The Council will take stock of the epidemiological and vaccine situation in Europe and discuss the coordination that will be needed in the EU to restore free movement and international solidarity in vaccine-sharing. Work to allow vaccine certificates from countries outside the EU is under way as part of efforts to normalise travel. Although border issues are dealt with at national level, Sweden considers it important that action within the EU is as coordinated as possible and that the joint recommendations are reviewed.
Another matter on the European Council’s agenda is the implementation of the EU’s digital agenda and the negotiations on the major legal instruments in this area. Sweden welcomes strong EU engagement in advancing digital transformation. The EU needs clear regulations that do not impede development in this area. Prioritising digital transformation throughout the EU will ensure more effective and rapid development, benefiting everything from health care to law enforcement.
At the request of a number of Member States, the EU leaders will discuss the recent hike in energy prices. The unusually high electricity prices affect both private individuals and businesses, and although Swedish electricity prices are among the lowest in the EU, we are also affected by the electricity shortage. This has been caused by a failure of production to meet the high demand that is emerging in the recovery from the pandemic. The European Commission has produced a toolkit with suggested measures that the Member States could take to tackle the situation and support those affected. For Sweden, it is crucial that the EU views a transition to sustainable energy as the only long-term solution and that the EU ensures access to cheap, fossil-free energy.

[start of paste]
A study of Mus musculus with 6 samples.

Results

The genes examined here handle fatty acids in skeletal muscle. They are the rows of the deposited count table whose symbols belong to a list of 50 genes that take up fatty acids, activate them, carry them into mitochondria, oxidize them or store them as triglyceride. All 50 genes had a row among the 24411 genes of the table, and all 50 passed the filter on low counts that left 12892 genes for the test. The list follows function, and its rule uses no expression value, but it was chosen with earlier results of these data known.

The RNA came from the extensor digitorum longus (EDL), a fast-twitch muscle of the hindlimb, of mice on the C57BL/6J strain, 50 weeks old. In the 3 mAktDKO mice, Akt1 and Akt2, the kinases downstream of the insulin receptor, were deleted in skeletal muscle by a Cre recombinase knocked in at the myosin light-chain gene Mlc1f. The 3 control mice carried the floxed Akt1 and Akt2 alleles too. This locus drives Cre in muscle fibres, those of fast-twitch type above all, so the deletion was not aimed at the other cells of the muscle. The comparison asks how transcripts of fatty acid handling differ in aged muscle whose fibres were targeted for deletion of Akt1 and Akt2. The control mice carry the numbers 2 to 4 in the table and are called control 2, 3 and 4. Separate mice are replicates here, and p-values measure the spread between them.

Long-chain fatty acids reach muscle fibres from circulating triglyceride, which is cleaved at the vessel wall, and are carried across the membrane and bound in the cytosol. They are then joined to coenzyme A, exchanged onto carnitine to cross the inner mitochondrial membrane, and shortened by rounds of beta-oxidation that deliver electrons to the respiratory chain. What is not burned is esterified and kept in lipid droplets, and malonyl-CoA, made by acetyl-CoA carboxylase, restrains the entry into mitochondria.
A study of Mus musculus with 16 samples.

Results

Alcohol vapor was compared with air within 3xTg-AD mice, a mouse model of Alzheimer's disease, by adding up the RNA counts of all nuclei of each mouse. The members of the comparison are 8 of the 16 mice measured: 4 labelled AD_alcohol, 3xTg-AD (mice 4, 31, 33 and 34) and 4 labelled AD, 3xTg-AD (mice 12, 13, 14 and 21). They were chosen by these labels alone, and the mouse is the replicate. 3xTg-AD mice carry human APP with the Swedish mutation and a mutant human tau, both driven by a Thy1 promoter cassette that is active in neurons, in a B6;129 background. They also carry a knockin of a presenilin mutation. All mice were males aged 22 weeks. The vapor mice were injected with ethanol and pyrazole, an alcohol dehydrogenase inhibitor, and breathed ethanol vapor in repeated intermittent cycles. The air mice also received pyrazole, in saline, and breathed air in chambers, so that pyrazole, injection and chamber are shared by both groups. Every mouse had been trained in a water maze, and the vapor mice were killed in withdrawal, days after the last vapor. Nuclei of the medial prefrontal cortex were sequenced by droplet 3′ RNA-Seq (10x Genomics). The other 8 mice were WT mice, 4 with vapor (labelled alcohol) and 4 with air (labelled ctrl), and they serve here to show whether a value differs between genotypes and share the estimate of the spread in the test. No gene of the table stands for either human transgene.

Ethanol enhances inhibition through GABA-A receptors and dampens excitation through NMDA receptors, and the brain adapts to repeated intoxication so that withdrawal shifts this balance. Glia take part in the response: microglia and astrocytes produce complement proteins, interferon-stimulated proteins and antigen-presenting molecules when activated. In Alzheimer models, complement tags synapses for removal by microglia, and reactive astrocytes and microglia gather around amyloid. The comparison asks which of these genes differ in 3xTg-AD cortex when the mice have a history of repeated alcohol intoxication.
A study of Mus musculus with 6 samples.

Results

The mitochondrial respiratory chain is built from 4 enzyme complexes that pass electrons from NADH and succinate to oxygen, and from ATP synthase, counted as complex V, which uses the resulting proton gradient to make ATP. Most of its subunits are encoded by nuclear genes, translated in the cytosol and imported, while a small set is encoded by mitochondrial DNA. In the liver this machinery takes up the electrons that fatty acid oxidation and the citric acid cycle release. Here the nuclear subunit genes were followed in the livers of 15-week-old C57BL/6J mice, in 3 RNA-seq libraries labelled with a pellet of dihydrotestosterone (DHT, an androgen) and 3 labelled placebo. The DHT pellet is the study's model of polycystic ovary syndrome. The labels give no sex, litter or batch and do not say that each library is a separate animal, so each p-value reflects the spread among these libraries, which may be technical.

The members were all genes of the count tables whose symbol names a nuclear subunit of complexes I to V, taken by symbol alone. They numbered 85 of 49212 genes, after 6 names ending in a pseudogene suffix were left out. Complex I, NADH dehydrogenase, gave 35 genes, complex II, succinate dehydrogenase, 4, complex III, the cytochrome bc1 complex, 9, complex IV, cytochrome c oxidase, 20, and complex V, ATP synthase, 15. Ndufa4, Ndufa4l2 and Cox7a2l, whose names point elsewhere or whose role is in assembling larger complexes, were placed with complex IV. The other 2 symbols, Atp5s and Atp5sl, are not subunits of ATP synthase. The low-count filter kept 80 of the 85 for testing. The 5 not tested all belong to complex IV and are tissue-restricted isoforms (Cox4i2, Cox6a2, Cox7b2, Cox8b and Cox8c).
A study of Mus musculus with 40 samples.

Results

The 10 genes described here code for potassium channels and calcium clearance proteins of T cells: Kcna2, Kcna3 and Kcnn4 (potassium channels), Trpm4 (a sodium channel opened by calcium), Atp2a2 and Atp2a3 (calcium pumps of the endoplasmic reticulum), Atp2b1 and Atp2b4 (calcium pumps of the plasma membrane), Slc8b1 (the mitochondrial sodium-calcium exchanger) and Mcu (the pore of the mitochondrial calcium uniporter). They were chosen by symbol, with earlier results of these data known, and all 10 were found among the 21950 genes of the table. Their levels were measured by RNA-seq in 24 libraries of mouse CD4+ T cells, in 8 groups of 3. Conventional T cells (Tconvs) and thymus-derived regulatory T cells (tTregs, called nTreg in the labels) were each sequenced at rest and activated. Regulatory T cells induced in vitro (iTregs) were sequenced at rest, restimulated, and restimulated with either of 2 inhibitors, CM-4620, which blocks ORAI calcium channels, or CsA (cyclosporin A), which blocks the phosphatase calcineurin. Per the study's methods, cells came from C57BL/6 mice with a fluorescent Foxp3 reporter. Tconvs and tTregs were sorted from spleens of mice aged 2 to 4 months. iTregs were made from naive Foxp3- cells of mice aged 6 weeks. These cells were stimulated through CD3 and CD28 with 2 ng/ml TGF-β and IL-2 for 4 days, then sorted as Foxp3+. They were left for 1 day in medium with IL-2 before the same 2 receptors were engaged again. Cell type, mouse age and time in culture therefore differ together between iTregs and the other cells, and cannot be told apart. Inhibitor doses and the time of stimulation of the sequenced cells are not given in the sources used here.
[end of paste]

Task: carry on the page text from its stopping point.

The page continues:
The EU leaders will also discuss the external dimension of migration and the proposals put forward by the Commission. It is important that the EU deepens its cooperation with countries of origin and transit countries to counter underlying causes of irregular migration and forced displacement, and that the EU works to strengthen these countries’ own capacities. Sweden also considers it important that further efforts are made to put in place a long-term, sustainable joint asylum system.
COP26 in Glasgow
It is important to Sweden that the EU has a strong message to convey at COP26 in Glasgow. The climate crisis is happening here and now, and we must keep the target of 1.5 degrees alive. At COP26, the EU must establish how the Member States can live up to the commitments made. What is clear is that everyone needs to do more if the EU’s climate finance target is to be met.
Sweden has taken the initiative to place trade discussions on the European Council agenda. Trade issues have long been characterised by trade conflicts and trade defence instruments. Sweden sees a need to transform a negative trade agenda into a more open and forward-looking agenda. Trade plays a key role as a driver of growth, jobs and welfare.
One matter that is not on the agenda but may be touched upon is the Polish Constitutional Tribunal’s widely discussed ruling on the relationship between EU law and national law.
Swedish Prime Minister Stefan Löfven will attend the meeting in Brussels.